History of Hymns: "O Jesus, My King, and My Sovereign"
By C. Michael Hawn
O Jesus, My King, and My Sovereign
by Vicente Mendoza; trans. by Esther Frances and George Lockward,
The United Methodist Hymnal, 180
O Jesus, my King and my Sovereign,
My joy is to sing him my praise.
He’s king, yet he treats me like family,
He’s king, yet he shares all his love.
He left all his glory in heaven
To come lift my life from the ashes.
I’m happy today,
Life’s joy came to stay through him.*
*Trans. © 1982, 1989 The United Methodist Publishing House (Administered by The Copyright Company, Nashville, TN) All rights reserved. Used by permission.
“Jesús es mi Rey Soberano” (“O Jesus, My King, and My Sovereign”) is one of the most important hymns in the Latino community.
The hymn writer Vicente Mendoza was born in Guadalajara, Mexico, in 1875. He died in Mexico City in 1955. Any conversation on the history of Methodism in Mexico soon turns to the pioneering work of Mendoza.
Beginning at age eleven as a laborer in a Protestant print shop in Mexico City that produced El Evangelista Mexicano (The Mexican Evangelist) for the Methodist Church of the South, Mendoza was eventually promoted to the position of director of the publication, a role in which he served for seventeen years.
Sensing a call to preach, Mendoza entered the Seminario Presbiteriano in Mexico City. When the seminary closed temporarily, Mendoza continued his studies at the Instituto Metodista in Puebla, where he finished the course in theology. He then taught at the Seminario Centro Evangélico Unido in Mexico City. In 1898, he became a member of the Annual Conference of the Mexican Methodist Church. From 1915 to 1921, Mendoza served congregations in the Southern Methodist Conference of California. He then returned to Mexico and served Methodist churches until his death.
Carlton Young notes that Mendoza began writing and translating hymns in 1901. These were included in Himnos Selectos, a collection now in its tenth edition. Several of his 300 hymns and translations from English into Spanish are staples of many current Spanish-language hymnals. For example, The United Methodist Spanish-language hymnal, Mil Voces para Celebrar (1996), edited by Raquel Mora Martínez, includes sixteen of Mendoza’s translations and two original hymns.
“Jesús es mi Rey Soberano,” undoubtedly his most famous original composition, was first sung in 1921 in El Gante Metodista Iglesia, a large Methodist church in central Mexico City, and was published soon afterward in Himnos Selectos. It was written in California. Gertrude Suppe (1911-2007), one of the most devoted translators of Spanish hymns into English in the last century, notes: “While waiting for a rain storm to slow he began to play the piano, resulting in the melody we now have. He wrote the stanzas that same day. The final stanza was composed under a street light as he waited for his daughter’s train.”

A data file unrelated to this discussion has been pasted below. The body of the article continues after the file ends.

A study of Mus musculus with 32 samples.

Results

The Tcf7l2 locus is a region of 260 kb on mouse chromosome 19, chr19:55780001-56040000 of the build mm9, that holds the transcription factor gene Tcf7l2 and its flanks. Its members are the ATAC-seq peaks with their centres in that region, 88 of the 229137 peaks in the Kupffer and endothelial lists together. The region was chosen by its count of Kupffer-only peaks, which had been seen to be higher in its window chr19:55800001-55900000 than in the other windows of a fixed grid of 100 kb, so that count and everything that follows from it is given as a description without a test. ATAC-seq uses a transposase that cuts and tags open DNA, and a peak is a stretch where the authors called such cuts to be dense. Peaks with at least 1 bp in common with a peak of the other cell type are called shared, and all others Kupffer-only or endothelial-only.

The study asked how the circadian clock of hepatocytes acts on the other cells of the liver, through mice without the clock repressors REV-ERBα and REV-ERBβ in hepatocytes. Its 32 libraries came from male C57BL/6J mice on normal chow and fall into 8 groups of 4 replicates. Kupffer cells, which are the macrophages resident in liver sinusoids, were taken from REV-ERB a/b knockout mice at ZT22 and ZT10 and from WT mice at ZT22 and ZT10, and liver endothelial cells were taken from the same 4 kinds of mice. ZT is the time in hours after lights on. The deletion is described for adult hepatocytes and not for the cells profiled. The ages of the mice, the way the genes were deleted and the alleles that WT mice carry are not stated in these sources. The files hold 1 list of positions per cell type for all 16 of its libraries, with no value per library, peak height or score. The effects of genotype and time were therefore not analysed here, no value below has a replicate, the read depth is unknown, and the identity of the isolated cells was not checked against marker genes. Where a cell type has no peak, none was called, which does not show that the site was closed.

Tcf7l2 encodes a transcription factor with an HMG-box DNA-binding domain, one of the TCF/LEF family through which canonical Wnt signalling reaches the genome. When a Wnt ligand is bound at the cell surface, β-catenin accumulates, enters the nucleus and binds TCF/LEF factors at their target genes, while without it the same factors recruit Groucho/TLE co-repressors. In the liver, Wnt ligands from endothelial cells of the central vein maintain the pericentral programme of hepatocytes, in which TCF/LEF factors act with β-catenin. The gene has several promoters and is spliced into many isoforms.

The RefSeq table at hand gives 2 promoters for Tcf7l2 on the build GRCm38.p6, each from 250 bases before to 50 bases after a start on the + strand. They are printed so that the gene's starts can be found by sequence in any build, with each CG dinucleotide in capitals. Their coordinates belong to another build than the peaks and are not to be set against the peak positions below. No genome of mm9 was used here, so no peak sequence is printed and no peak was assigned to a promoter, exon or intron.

Mendoza commented, “This was the easiest and most natural song that has come to my heart and mind, making me think with humble reverence that it was truly inspired from above.”
The music reflects the gospel song style of its era, employing the 6/8 musical meter commonly used in this style. The meter contributes to a warm engagement with the text. The text includes images that resonate with Latinos, especially the paradoxical idea that such a powerful and sovereign (soberano) king (Rey) would also be my brother (hermano) in stanza one. In stanza two, Jesus is a friend (amigo) who is also patient and humble (paciente y humilde). That Christ would be a part of the family (familia) is an essential aspect of Latino theology. For a people who have often felt powerless, this understanding of Christ—the one who “lift[s] my life from the ashes”—is empowering and indeed a most joyful (feliz) reality. This joy leads to a total commitment through service in the final stanza.
Esther Frances translated this hymn for the Supplement to the Book of Hymns in 1982. Portions of her text were included in George Lockward’s translation for The United Methodist Hymnal (1989). The relationship to Christ expressed in this hymn is one that all Christians can embrace.
C. Michael Hawn is University Distinguished Professor of Church Music, Perkins School of Theology, SMU.
The author is indebted to Carlton R. Young and the Companion to The United Methodist Hymnal (Nashville, Abingdon Press, 1993), 438-439, 797-798, for quotations and much of the background information on this hymn. Additional information concerning Mendoza including a list of his hymns is available at http://www.hymnary.org/person/Mendoza_V.